MAKING A CHAIN
Florida firm continues growth via acquisition with ASI Orlando FBO
by John F. Infanger
STUART, FL - In January, officials who own the mini-chain of fixed base operations, Boca Aviation and Galaxy Aviation, announced the acquisition of the Aircraft Service International FBO at Orlando International Airport. The move is the next step in what they say is development of a small chain of "strategic fit" companies that eventually will have them looking outside the state of Florida, to the Northeast.
Explains chief operating
officer Mark Wantshouse, who is based at Boca Raton, "We're headed
in a growth acquisition direction, but we tend to look for a certain profile.
"Our four FBO profiles are the high rent, corporate-type of market, and they're very strong locations. We've passed on other locations that just did not meet the profile.
"We are definitely looking for a fifth, sixth, and more FBOs, and our goal is to grow into a significant operation. Geographically, we're not limiting ourselves to the state of Florida, it just happens that that's where our concentration has been and where the operations have been available."
Wantshouse says that, because of its primary customer base, he sees the company as a north-south corridor chain, and a natural expansion target is the Northeast U.S.
The COO has been involved in the recent acquisitions and says the downturn in the economy is beginning to have an effect on the FBO acquisition market, which in the latter 1990s was not only vibrant but also saw many outside investors enter the game. "We're now starting to see it turn more toward a buyer's market; it's not there yet, but it has gone that direction in the past nine months," explains Wantshouse.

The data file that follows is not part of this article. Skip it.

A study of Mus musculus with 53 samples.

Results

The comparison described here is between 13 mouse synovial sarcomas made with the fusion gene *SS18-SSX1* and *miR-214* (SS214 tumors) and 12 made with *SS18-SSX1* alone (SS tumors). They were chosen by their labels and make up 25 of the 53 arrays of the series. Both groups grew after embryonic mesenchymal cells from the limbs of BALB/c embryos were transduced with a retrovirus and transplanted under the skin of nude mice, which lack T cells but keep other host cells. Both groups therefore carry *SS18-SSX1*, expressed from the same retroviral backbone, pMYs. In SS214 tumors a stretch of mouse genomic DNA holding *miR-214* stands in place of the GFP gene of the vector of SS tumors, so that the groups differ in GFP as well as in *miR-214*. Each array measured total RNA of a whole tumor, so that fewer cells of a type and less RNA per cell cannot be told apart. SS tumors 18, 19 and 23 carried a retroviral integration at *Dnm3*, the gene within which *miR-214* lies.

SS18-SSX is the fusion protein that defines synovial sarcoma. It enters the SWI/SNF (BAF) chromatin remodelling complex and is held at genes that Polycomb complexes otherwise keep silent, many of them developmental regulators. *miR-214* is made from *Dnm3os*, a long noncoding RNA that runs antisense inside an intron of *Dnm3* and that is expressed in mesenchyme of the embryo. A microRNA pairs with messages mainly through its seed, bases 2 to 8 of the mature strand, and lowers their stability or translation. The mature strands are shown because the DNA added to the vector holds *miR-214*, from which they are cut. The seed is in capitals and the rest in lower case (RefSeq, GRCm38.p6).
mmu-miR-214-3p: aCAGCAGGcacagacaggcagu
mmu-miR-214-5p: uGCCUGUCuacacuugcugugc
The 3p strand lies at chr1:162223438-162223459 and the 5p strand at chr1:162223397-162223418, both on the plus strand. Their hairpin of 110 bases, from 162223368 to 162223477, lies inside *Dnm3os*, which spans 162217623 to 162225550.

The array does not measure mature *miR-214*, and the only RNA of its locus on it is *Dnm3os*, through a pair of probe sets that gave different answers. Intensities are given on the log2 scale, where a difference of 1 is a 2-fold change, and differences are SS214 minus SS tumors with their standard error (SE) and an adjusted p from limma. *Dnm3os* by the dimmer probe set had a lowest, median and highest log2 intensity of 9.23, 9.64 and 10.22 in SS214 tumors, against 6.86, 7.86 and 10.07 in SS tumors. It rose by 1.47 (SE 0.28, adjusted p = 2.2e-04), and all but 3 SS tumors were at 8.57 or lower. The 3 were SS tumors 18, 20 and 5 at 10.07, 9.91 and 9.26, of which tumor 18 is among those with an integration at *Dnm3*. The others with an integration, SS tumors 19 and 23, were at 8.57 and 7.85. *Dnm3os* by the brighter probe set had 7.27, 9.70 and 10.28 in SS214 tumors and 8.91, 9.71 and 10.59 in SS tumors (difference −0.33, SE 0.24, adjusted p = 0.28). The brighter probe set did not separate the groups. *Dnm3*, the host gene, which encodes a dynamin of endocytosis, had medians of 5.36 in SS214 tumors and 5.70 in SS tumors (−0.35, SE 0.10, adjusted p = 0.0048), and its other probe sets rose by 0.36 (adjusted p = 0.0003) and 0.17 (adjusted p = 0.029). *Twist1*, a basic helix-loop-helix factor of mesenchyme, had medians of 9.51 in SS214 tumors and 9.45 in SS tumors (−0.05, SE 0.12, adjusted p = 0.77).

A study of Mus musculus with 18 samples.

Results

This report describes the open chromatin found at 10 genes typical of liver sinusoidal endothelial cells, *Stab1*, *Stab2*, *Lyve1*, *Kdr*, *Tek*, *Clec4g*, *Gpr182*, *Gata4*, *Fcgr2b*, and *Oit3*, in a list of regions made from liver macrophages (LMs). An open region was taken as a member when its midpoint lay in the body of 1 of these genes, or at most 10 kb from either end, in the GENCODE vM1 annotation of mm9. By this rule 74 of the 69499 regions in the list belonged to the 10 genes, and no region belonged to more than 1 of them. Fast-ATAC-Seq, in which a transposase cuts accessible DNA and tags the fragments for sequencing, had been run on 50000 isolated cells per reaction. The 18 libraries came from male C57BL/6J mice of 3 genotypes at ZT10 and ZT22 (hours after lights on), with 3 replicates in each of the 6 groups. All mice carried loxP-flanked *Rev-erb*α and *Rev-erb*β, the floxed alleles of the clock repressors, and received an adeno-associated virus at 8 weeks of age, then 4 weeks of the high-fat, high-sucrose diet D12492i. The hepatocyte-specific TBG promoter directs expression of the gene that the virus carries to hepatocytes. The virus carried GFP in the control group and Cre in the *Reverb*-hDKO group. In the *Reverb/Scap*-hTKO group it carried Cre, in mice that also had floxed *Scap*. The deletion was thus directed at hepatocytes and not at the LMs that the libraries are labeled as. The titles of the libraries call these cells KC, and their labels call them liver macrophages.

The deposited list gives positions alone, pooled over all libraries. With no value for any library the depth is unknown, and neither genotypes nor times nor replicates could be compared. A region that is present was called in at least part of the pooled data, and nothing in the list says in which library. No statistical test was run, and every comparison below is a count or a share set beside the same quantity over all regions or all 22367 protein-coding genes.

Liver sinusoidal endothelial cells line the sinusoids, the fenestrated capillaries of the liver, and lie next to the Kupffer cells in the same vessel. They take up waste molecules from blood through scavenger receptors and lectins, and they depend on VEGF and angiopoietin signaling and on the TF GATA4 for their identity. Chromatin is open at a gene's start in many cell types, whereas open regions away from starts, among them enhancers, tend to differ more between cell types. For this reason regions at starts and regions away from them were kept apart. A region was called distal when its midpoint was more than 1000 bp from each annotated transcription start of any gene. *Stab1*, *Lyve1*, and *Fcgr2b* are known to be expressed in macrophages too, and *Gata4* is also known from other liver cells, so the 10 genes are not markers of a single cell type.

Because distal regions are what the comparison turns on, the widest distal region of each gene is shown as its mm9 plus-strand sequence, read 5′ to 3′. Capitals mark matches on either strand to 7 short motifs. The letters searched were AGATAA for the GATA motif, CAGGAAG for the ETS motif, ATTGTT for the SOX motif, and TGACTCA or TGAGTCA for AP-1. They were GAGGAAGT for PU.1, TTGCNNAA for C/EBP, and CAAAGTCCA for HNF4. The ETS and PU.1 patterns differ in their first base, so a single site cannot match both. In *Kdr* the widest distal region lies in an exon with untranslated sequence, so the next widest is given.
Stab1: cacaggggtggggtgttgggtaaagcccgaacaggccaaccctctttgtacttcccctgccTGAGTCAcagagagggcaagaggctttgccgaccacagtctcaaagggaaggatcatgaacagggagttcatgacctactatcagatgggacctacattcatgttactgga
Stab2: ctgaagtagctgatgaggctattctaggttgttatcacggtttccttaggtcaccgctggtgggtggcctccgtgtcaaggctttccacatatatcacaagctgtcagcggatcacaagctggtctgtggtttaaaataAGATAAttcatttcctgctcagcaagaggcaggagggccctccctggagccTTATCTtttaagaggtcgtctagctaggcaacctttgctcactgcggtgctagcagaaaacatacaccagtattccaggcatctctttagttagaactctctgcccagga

"Prior to that, it was definitely a seller's market, and there were a lot of people looking to expand, a lot of dollars being put out there and high prices being paid for FBOs. We see the changing market as something that will help us on our fifth acquisition."
OWNERSHIPDavid Smith, left, and Mark Wantshouse
From the outside,
having two different names for FBOs seems odd, if not confusing. This
is particularly so for a company which prides itself on its marketing
capabilities. However, it has to do with ownership.
Primary investor Martin Green-berg is a tax attorney, certified public accountant, and holder of properties across the U.S. He entered the FBO arena 22 years ago with the acquisition of Boca Aviation, transforming an "underdeveloped" FBO into a modern complex on a state-owned airport. The minority owner at Boca is Miami Beach attorney Paul Steinberg who, unlike Greenberg, had no interest in further FBO acquisitions.
Wantshouse, meanwhile, started at Boca Aviation in 1984 as a line technician during high school, and by 1987 had been promoted to president to run the operation. He is also a minority owner in Galaxy Aviation.
The purchase of the ASI Orlando FBO puts Galaxy Aviation on its second air carrier service airport. It purchased the FBO from Signature Flight Support, with which it will compete for both general aviation and airline servicing business.
Its other commercial service location is at West Palm Beach, where it competes with Signature and Jet Aviation and already has air carrier contracts. It acquired that facility from Signature as well, and has been housed in the former Butler Aviation-Signature FBO. However, it was expected to move into a new terminal in February. Signature is now located in the former International Aviation-Bizjet FBO.
Explains Wantshouse, "Both Signature purchases were the results of mandates from the Department of Justice for Signature to divest" as a result of the super-chain's acquisitions of other facilities. "Our Palm Beach acquisition took a lot of time but went very smoothly; the Orlando acquisition has gone well."
The other fixed base operation is at Stuart, some 40 miles north of West Palm Beach and where interviews for this article were conducted. It competes with the Stuart Jet Center at the general aviation airport, and began operations out of a trailer after the acquisition of a small FBO in 1995.
"At Stuart," says Wantshouse, "it pumped 1,800 gallons of fuel a year when we purchased it. Presently, we are at just over 40 percent of the market share - about a million gallons."
The state-of-the-art FBO facility was constructed in 2005 and features a 17,000 sq. ft. terminal and 72,000 sq. ft. of hangar space.
Private jets are driving growth in general aviation.